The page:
The live sheep export industry is trying to get a toehold in South Africa. Here’s what we’re doing to, well, step on their toes…
On the first of June this year, a collective sigh of relief went around the Animals Australia office.
Following the damning exposé on 60 Minutes of horrific conditions on-board Australian live sheep export ships, we’d gone into more than a year of non-stop campaigning to spare more animals from suffering the same, terrible fate.
There were many sleepless nights and caffeine-fuelled days as we made the most of every opportunity to lend our voices to the sheep. Hundreds of thousands of caring people around the world rallied behind us, and our collective effort, legal action and political engagement reached a milestone on the first of June when — for three months at least — the export ships stopped sailing during the most dangerous time of year:
- For three months, no Australian sheep would be forced to step onboard a live export ship and make the perilous journey to the Middle East.
- For three months, no Australian sheep would be forced to risk being ‘cooked alive’ onboard those ‘ships of shame’.
- For three months, no Australian sheep would suffer heat-stress and seasickness, only for those who survived the ordeal to face agonising, fully conscious slaughter at the other end.
This three-month reprieve — which prevented live exporters from shipping animals during the most dangerous time of the year — spared some five-hundred-thousand sheep from being transported from an Australian winter straight into the blistering heat of a Middle Eastern summer.
The huge Kuwaiti company that would have shipped these animals — Kuwait Livestock and Trading (KLTT) — has been responsible for the deaths of one-and-a-half million Australian sheep onboard its vessels.
Their plans thwarted, KLTT picked up stumps and set their sights on sourcing sheep from South Africa. Little did they know we were already there waiting for them.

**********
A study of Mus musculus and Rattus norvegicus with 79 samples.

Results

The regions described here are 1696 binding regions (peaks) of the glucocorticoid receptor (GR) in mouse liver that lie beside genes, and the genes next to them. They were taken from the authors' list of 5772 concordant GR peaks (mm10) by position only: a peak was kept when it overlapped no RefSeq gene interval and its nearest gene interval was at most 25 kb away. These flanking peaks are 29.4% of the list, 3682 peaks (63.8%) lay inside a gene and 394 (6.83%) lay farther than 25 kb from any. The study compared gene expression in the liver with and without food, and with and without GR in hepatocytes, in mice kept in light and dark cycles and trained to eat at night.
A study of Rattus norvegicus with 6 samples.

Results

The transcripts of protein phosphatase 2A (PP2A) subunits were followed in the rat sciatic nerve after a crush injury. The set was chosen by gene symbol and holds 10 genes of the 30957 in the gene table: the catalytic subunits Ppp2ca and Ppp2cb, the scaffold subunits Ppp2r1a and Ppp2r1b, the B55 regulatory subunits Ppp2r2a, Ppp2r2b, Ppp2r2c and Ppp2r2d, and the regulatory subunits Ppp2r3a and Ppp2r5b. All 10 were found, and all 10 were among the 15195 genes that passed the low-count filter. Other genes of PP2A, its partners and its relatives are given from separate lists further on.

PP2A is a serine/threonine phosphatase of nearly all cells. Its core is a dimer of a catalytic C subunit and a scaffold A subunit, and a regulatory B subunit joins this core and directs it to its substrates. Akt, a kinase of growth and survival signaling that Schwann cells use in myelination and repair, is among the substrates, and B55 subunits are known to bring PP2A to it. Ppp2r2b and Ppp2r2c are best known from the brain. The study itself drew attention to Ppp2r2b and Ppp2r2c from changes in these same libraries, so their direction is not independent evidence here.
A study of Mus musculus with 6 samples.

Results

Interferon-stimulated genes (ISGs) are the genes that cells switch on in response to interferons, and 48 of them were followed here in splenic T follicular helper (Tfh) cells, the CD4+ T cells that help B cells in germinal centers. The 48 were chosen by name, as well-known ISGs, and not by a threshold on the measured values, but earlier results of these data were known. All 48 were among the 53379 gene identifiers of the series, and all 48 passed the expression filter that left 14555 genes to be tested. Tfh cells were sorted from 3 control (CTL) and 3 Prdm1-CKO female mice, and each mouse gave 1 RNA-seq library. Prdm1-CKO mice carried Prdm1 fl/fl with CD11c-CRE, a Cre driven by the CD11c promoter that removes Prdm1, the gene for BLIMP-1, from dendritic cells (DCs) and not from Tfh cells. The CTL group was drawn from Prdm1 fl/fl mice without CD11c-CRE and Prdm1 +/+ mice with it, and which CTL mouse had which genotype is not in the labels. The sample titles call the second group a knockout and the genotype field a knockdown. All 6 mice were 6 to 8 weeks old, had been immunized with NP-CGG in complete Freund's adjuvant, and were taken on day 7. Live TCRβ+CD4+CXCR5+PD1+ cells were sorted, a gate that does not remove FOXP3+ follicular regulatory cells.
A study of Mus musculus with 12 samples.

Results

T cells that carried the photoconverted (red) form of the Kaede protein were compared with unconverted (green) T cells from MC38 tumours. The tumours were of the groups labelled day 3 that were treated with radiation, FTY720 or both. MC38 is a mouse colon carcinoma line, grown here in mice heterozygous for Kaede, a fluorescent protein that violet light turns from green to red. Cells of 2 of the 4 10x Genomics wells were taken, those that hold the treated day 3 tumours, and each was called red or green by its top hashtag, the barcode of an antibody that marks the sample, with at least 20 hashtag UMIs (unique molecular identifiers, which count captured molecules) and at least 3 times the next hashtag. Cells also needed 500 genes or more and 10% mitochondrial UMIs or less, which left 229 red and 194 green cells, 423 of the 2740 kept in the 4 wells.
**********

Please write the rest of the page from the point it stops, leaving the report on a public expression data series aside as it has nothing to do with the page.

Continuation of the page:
This exporter would have hoped that they could have quietly sailed into South Africa without any public scrutiny or opposition … so we joined forces with local animal protection group, the NSPCA, to ensure this wasn’t the case.
Our united efforts, and the history of this callous trade, were broadcast in a powerful media story last night on South Africa’s premier current affairs programme — Carte Blanche.
Carte Blanche: Cruelty exposed
A powerful story on Carte Blanche revealed the multitude of reasons why South African authorities should not agree to supply their sheep to the live export industry.
Animals Australia’s Legal Counsel, Shatha Hamade, travelled to South Africa to assist the NSPCA in their efforts to spare sheep from the horror of live export — and was interviewed as part of Carte Blanche’s powerful program.
A watchful eye
As with so many animal industries, the ongoing existence and profitability of the global live export trade depends on its ability to operate without scrutiny.
Little by little, these powerful export companies are realising that their industry is now being held accountable globally due to the efforts of a relatively small animal charity from ‘down under’ — and our band of compassionate and generous supporters around the world. While these companies are fuelled by their profits, we are fuelled by a far greater force — the power of compassion, and a shared vision for a kinder world.
Because we know that no matter where animals come from, all share the same capacity to suffer — and deserve the same compassion. Whether they come from Australia, Romania, South Africa, or anywhere in-between, we will continue our work to shield all animals from live export cruelty — until the inevitable day that live export ends.
The sheep need you NOW
The only thing standing in the way of 65,000 South African sheep being exposed to the cruelty of live export is a stamp of approval from the South African government.
You can help our South African colleagues at the NSPCA shield sheep from the horrors of this trade by signing the NSPCA petition here!